I agree that this is not true. Outside the US, most countries do not refrigerate eggs. In the supermarket, they are often just on shelves rather than in a cooler. The egg shell is an excellent barrier against the entry of bacteria, and as long as the shell is not cracked eggs can be kept at or near room temperature for weeks at least without going bad.
There is an issue with Salmonella in eggs in the US (which tries to control it through washing and refrigeration) as opposed to other countries (which control it through sanitation and vaccination). Refrigeration slows the growth of Salmonella, but it can still be present in refrigerated eggs. Studies in the UK, however, have found no difference in bacterial levels in refrigerated and unrefrigerated eggs after two weeks. In any case, this is not a case of eggs “going bad” in the sense of rotting, but contamination.
This article suggests that the gradual push back of lunch (it calls it ‘dinner’) and supper made breakfast necessary, and this happened in the 19th century. The Industrial Revolutions made this need even more acute, and eggs were used as a cheaper, but still nutrient rich substitute for meat.
So I’d guess that the US probably followed much the same timeline.
AIUI, America is just one of many; nations like Mexico and all others across the world use eggs heavily in breakfasts simply because eggs are cheap and pack a good punch of protein, fat, vitamin D, and stuff that you should have in your gullet first thing in the morning.
Tell that to the sourdoughs in Alaska, back in the day. Ask anyone who’s ever eaten a “boat egg.”
PALMER – At 71, Art Carney is old enough to remember “boat eggs,” the term people used to describe eggs that had been shipped to Alaska. By the time the boat reached the dock in Anchorage, the eggs were so old the yolk ran as soon as the egg was cracked, he said. In fresh eggs, the yolk stays firm. - Anchorage Daily News, 9/27/06
Breakfast foods tend to be those that can be made quickly. Eggs, pancakes, toast, hash using last night’s leftovers. Lunch and dinner foods tend to take time for preparation. So that’s likely a good reason that eggs are breakfast food.
[QUOTE PALMER – At 71, Art Carney is old enough to remember “boat eggs,” the term people used to describe eggs that had been shipped to Alaska. By the time the boat reached the dock in Anchorage, the eggs were so old the yolk ran as soon as the egg was cracked, he said. In fresh eggs, the yolk stays firm. - Anchorage Daily News, 9/27/06[/QUOTE]
The California 49ers caused an “egg rush” for prized sea eggs.
fresh eggs are still expensive and hard to come by in Alaska on one of the homestead shows there was a guy in a cabin who lived in the bush who would take 40 percent or of his yearly check most Alaskans get for the oil fund and fly down to a Costco in wash buy something like 40 or so of those huge crates of eggs and then barter them out for what ever he needed through out winter ……
its amazing what people would trade for a doz or two of eggs if they hadn’t had any for months…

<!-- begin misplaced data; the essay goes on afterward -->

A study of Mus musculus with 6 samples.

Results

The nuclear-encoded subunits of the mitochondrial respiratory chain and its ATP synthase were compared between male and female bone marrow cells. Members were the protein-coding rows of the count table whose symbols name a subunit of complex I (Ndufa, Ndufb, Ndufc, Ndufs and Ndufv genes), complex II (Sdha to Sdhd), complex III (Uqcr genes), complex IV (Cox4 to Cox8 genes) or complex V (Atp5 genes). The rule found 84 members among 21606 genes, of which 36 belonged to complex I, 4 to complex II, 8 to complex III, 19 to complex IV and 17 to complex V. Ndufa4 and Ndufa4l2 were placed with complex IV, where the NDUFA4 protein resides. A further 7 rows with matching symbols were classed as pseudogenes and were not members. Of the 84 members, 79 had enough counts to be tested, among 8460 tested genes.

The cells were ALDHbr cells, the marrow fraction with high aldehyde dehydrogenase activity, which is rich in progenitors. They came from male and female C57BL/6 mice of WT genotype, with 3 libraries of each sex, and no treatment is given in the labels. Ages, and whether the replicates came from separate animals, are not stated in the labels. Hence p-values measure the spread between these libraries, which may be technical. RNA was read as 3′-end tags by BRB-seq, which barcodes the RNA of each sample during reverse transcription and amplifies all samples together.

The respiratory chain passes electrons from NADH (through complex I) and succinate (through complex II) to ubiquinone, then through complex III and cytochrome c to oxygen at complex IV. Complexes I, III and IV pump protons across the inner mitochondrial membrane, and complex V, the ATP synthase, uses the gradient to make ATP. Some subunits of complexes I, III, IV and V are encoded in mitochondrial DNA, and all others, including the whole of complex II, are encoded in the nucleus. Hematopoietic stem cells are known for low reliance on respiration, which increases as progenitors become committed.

I grew up on a farm in the 1960s and we rarely had eggs for breakfast. More likely it was oatmeal or cold cereal or just toast. That was possibly because my mother was too busy to cook a real breakfast.
We actually had eggs more frequently for our supper meal. My mother was a child of the depression and boiled eggs and creamed potatoes was a staple on her childhood farm, so she made it frequently for us. She said it reminded her of her roots.
I’m a native English speaker, and when I fast, I call the first meal I eat “break fast”. Or sometimes “breakfast”.
I rarely eat eggs for breakfast, unless I’m staying at a hotel. But I would guess that they are a breakfast staple mostly because they cook quickly. If you haven’t yet baked your daily bread, or roasted the roast, you can still eat eggs and get a nice quick protein hit.
As far as nitpicking meal terms goes, almost everyone has a “lunch break” at work but some people have it at dinner time or the middle of the night, and not everyone eats during that time. The way my schedule is now I don’t even name my meals at all because it seems pointless. Am I eating breakfast at 9:45 pm? Lunch? Dinner? I don’t know.
> . . . a lot of people choose to “wolf down” children’s snack foods as a meal . . .
What the plurality of people in the U.S. do for breakfast (apparently not quite the majority) is eat cereal. Again, eggs are not what most people eat for breakfast most of the time. Are you claiming that cereal is a children’s snack food?
Yeah, but eating cereal is the plurality (but not quite the majority) choice for breakfast. Yes, some people eat whatever they find in the refrigerator. I don’t know what you mean by “pop-tarts toaster strudel ect”. It would help if you used commas to separate items. I presume that a pop-tart is one item. I guess that toaster strudel is another item, although I only learned just now that any such thing existed. Those are a couple things among the various foods that people eat when they just look in the refrigerator for something. Cold pizza is another common item, as has already been pointed out.